The University of Georgia is facing criticism over numerous complaints from Black and Hispanic student leaders and organizations who say the school has not sufficiently addressed their discrimination complaints.
According to the Atlanta Journal-Constitution, the inquiries stem from racial slurs, crude images, and sexist language experienced by students. They say they want UGA to enact measures that result in a better and more comfortable learning environment for students of color.
The school’s Lambda Chi Alpha chapter suspended operations about a week ago after racist and sexist messages allegedly posted by its members were discovered online. A Black female student who was the subject of the messages was the one who exposed them. About a week later former UGA football player Otis Reese posted on Twitter about what he called a racially insensitive campus environment, according to the AJC.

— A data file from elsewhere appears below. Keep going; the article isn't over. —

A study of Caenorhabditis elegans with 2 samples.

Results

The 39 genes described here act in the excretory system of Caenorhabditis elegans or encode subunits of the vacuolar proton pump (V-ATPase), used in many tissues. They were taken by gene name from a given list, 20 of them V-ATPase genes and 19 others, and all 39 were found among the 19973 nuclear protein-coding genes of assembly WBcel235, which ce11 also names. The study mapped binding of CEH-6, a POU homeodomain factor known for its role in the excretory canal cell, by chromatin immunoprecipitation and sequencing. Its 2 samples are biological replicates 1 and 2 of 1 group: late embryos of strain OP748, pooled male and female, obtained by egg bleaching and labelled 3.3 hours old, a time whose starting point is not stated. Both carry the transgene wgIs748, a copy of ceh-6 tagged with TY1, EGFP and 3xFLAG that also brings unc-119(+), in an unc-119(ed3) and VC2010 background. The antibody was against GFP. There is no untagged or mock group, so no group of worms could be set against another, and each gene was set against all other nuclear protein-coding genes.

“I want people to know that they can call me names, attack me, tell me I’m wrong, but I’m not giving up until Black and BIPOC (Black, indigenous and people of color) students get the same experience as our white peers on this campus,” Arianna Mbunwe, a third-year student who was the target of the fraternity messages, told AJC.
UGA administrators have made attempts at inclusivity this year. In February, they named its education school after its first Black graduate, Mary Frances Early. In August, a school task force on race, ethnicity and community began work “to foster a more welcoming and supportive learning environment for Black and other underrepresented members of our campus community.” However, it seems that harassment toward people of color on campus is still a problem.